Rays 5, White Sox 3 (10): Delmon Young remains hot, going 4-for-5 to help snap a 12-game road losing streak.
By MARC TOPKIN
Published September 1, 2006
Rays closer Seth McClung watches the final out against the White Sox in the 10th inning. McClung earned his third save.
CHICAGO - A lot of things have changed since July 29, when the Devil Rays beat the Yankees in New York, and Thursday, when they snapped their monthlong, 12-game road losing streak with a 5-3, 10-inning victory over the White Sox.
They no longer have Julio Lugo playing shortstop. They activated Dan Miceli and are about to get Ty Wigginton back from the disabled list. They brought up Jason Hammel, Seth McClung, Chad Orvella, B.J. Upton, Kevin Witt, Ben Zobrist and J.P. Howell (twice).
And they promoted a 20-year-old kid named Delmon Young, whose unforgettable debut - 8-for-11 in the three-game series, including 4-for-5 Thursday, singling to start the rally and scoring the winning run - could make people forget a lot of the things that happened before he arrived.
"He's a future Hall of Famer," White Sox manager Ozzie Guillen said. "He has a long way to go, but this kid's not scared. He's for real."
Devil Rays manager Joe Maddon was impressed not only with what Young did but how he did it, hitting the ball up the middle and to the opposite field, running the bases alertly and properly, playing smooth defense, showing a knack for situational hitting.
"Not a bad first series," Maddon said. "Every time he swung the bat, he hit the ball on the fat part of the bat. He had great at-bats. I love the way he uses the middle of the field. He's aggressive. He was swinging at strikes, and he was taking balls. His defense - he's very comfortable out in rightfield. We know that he's a good baserunner.
"The one thing he impressed me with during spring training is that I thought he was a very fundamentally sound player, and he's showed that. . . . You just saw that this young man has a lot of really innate baseball instincts. He has a good idea what to do."
He showed that throughout the three days, but it may have been most valuable in the 10th inning Thursday when the Rays - as they do often - had an early lead and gave it away, when A.J. Pierzynski hit a two-run homer in the sixth off Hammel, who otherwise pitched well.
But the Rays tied it 3-3 on an eighth-inning homer by Dioner Navarro, and relievers Shawn Camp and Ruddy Lugo kept it that way.
Young fouled off Brandon McCarthy's first pitch of the 10th, then started the winning rally with a single to right.
He broke smartly for second when McCarthy bounced an 0-and-1 pitch to Carl Crawford, sliding in headfirst and to the outfield side of the base to beat Pierzynski's throw, then advanced to third when Crawford grounded out.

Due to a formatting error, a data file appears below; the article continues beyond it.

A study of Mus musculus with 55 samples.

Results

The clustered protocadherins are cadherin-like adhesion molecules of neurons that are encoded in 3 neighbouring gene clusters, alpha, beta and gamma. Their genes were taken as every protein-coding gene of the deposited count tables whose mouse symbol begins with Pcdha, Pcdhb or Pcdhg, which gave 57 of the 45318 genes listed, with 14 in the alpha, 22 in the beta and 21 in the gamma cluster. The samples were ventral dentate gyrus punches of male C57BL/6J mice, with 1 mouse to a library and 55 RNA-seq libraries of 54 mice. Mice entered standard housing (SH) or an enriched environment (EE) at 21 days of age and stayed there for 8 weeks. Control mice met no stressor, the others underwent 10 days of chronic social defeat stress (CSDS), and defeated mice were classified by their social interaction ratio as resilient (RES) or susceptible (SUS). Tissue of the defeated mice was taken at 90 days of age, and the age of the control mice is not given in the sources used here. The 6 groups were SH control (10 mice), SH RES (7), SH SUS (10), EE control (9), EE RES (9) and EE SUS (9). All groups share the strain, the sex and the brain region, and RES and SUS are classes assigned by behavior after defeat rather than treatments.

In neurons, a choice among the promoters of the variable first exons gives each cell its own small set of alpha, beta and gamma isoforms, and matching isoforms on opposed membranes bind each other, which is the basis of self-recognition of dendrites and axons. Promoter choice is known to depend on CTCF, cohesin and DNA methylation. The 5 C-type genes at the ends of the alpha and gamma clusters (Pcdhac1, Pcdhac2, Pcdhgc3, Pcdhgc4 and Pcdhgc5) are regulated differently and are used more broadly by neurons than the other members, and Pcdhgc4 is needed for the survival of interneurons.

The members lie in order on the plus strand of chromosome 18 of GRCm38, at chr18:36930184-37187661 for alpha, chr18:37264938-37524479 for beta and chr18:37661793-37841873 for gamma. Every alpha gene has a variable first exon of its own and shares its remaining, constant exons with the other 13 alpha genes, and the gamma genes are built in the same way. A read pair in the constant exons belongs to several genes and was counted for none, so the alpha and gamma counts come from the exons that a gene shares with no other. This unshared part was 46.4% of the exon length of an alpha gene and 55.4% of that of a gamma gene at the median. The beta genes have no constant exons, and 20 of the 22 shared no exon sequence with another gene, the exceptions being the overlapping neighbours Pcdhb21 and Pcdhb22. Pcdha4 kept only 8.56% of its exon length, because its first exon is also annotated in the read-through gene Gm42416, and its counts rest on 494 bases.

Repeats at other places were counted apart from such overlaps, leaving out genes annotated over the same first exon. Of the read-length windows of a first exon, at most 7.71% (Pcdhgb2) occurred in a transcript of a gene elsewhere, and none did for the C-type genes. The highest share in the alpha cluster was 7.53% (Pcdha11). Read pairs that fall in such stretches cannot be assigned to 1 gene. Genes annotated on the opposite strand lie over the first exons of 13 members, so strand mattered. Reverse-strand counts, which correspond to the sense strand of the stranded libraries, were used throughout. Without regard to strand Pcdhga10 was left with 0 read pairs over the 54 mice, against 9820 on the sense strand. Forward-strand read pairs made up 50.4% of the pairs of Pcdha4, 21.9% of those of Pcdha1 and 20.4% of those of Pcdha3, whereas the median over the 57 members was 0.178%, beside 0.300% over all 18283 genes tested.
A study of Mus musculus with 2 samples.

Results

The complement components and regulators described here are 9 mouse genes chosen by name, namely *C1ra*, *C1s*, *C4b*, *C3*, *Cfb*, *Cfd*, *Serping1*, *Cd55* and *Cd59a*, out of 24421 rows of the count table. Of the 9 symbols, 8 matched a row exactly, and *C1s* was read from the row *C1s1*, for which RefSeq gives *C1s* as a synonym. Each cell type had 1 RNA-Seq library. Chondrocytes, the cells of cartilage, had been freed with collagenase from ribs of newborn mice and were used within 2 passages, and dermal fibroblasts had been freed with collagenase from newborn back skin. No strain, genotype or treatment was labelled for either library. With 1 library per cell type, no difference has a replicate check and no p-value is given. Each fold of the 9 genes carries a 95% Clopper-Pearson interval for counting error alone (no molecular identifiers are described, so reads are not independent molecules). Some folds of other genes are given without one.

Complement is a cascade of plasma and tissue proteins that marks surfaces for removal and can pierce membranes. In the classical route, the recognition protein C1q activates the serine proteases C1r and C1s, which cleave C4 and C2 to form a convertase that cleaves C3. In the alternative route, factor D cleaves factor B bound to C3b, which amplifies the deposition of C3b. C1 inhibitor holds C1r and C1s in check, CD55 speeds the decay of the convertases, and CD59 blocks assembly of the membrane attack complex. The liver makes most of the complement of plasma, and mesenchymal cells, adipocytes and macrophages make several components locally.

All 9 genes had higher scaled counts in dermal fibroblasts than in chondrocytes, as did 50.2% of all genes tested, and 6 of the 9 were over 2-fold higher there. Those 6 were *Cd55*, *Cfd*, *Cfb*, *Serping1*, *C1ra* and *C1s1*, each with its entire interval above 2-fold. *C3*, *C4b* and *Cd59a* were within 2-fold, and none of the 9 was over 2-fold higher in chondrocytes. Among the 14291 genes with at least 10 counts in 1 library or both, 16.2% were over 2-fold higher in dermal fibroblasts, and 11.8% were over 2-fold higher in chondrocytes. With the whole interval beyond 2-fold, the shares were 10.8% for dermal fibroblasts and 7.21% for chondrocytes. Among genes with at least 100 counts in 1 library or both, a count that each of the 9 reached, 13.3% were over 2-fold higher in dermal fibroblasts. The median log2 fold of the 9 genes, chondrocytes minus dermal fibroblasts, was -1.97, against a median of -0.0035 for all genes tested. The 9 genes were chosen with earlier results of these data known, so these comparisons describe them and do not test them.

The Sox intentionally walked Greg Norton and unintentionally walked Navarro to load the bases, then Jorge Cantu delivered the key hit, a single to left that scored Young with the go-ahead run and Norton for insurance.
McClung battled back from a 3-and-0 count to strike out Rob Mackowiak for the first out of the home ninth, then got Scott Podsednik and Tadahito Iguchi as the Rays, who made some solid defensive plays, especially shortstop Ben Zobrist, snapped a six-game overall losing streak and avoided their eighth sweep.
Young, as he tends to do, wanted to talk more about the team's victory than his stellar individual performance.
He insists he is just trying to keep things simple, blend in and do what he can to help. He said he wasn't nervous, concerned about the scrutiny or under any pressure because of the trouble he caused in the minors, throwing his bat at an umpire and criticizing the organization publicly.
Basically, he makes it sound - and look - easy.
"You can't try to come up here and do too much," he said. "You've just got to take what you can get and hope the results come out the way you want it."
While a few of the Rays had been shaking their heads over some of the controversy Young created in the minors, they were marveling for other reasons after seeing him play.
"I think everyone knew how special he was. He's an awesome young player," centerfielder Rocco Baldelli said. "(But) you can't anticipate stuff like that happening. It doesn't always go that smooth. He's capable of some really, really impressive things. Most 20-year-olds don't come up and spray line drives all over the middle of the field like it's nothing. Actually, I don't know any 20-year-olds that can do that."
"He's come up here, and he's doing what everybody expected he was going to do," Crawford said. "I think people are just waiting to see if he's going to have another outburst. That's what we're waiting on. Hopefully he won't."
Delmon Young's first three games were something to remember:
Tuesday: 2-for-3, HR, 2 RBIs, 2 runs. Hit by first pitch; homered for first hit.
Wednesday: 2-for-3, 2B, sac fly, 2 RBIs. Both hits came with two outs.
Thursday: 4-for-5, 2B, run. Started winning rally with 10th-inning single.